Wednesday, June 8, 2011

David Weiss & Point of Departure - Snuck In / Snuck Out - Sunnyside

Trumpeter David Weiss is what in jazz parlance is called a, “musicians musician”. The group assembled for these performances are top notch. As Weiss duty bound is always in the ‘now’ and has with every new recording and performance a real sense of historic value. He values his role as arbiter of the advanced garde. This two volume set is culled from performances at the Jazz Standard, March 2008 and a studio date a year later.
Point of Departure’s palette is culled from a curious cabinet indeed. Selecting tunes from the dustbin of time Weiss gets plenty of life out of several Charles Moore compositions. A nod to the Detroit trumpeter’s timeless writing are the title cut, ‘Snuck In’, ‘Gravity Point’ and ‘Number Four’. Moore’s twin 60’s recordings of the vaunted but under recognized Contemporary Jazz Quintet are gems to be re-thought and this time by a new generation. Thanks to Weiss! Given an invigorating redress Point of Departure revels in such faire as Tony Williams’ “Black Comedy”; Shorter’s “Paraphernalia” and absolutely high charge Charles Tolliver’s “Revillot” to great effect.
J.D. Allen, already an established voice over the past decade is still making a case for one of the most exciting soloists of our time. His oblique Shorteresque dips and tilts are drama filled with attentive detail. Suffice it to say with the virtual glut of tenors jousting for attention these days Allen is heads & shoulders far above the fray. He’s a major cat! Juxtaposed with Weiss they make for a helluva up front team.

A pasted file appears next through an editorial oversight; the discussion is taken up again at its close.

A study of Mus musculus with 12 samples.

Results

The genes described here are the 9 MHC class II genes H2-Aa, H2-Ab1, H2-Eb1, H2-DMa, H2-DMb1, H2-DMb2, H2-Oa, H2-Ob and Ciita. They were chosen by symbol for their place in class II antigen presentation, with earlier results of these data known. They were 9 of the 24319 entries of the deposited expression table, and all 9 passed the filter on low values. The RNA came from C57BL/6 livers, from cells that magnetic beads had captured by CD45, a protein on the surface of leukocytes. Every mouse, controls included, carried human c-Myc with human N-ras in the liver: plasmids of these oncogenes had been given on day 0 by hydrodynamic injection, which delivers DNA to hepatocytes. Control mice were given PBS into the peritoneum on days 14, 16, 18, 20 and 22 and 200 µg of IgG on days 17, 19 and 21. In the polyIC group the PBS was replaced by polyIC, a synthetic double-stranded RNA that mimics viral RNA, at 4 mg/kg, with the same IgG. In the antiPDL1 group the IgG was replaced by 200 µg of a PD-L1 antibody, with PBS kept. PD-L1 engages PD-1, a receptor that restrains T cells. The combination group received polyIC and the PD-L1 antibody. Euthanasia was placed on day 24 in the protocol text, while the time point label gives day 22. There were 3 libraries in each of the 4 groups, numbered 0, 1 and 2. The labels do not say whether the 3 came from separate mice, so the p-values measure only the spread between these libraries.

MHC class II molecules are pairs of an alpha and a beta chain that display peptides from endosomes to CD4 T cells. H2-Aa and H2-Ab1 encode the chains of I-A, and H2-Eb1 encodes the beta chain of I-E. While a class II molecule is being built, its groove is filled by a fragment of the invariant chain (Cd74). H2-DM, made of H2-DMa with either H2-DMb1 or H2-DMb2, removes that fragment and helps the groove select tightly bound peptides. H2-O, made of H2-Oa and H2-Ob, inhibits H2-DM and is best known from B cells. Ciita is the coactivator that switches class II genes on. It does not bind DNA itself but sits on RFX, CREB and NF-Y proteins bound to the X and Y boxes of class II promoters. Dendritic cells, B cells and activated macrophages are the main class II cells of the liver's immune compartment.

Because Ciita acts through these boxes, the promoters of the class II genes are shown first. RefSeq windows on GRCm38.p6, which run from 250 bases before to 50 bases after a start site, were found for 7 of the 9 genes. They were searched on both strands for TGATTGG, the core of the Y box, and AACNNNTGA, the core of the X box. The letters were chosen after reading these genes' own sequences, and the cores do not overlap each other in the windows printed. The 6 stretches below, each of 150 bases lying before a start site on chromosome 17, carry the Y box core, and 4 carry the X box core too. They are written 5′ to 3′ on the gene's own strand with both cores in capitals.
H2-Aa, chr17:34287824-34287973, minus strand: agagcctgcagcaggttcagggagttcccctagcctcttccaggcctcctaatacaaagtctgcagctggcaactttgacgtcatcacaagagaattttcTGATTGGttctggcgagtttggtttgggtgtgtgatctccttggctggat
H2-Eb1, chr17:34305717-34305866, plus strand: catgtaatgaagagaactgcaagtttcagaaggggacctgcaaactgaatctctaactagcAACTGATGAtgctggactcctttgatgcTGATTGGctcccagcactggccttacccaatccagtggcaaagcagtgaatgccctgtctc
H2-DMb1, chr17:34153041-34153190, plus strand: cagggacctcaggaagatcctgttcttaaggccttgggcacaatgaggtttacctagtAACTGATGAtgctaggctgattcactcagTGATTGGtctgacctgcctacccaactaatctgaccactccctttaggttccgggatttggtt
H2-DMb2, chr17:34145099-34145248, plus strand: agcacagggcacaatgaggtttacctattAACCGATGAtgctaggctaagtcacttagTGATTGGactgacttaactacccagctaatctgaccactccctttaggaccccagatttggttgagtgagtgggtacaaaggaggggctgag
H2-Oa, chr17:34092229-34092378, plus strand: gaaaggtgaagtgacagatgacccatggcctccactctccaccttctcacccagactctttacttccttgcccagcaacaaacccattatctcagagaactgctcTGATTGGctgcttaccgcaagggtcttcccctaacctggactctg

Weiss’s own tough cut, hard edge solos are mid-60ish Miles filled volleys of strength and purpose. Taking a back seat to no one he oft reminds of a Jack Walrath sans the mirth. Could Allen be Weiss’s Carter Jefferson? I’d dare wonder....
The wild card carrying member of the group is guitarist Nir Felder. By no stretch is Felder a ‘jazz’ guitarist. Not in the strictest sense of the word, lending this group an ethereal other world edginess. His subtle yet drifting riffs, fragmented chordal sequences are ‘rock centered’ often conflicting head-on with the harmonic nuance of the melodic content. This makes for an uneasy listen. Tension, yes. Unifying harmony, no. A Bobby Broom, Steve Cardenas or even a wild-ass David Fiuczynski might have lent more of a grounded flavor and bite. A tastiness and sequential appeal - cut to cut. Given time Felder may come into his own - that is if he doesn’t answer his calling in the ‘rock’ genre.
Drummer Jamire Williams is steady motion. A rhythm wealth of refreshing boldness of a free wheeling thunder. Whereas the steady bassist Matt Clohesy adhesively nails the bottom down.
Both recordings are a seamless unified whole and should be listened to as such. With all the music Point of Departure pumped out at the Jazz Standard that weekend there’s gotta be more to share...a clamoring audience awaits.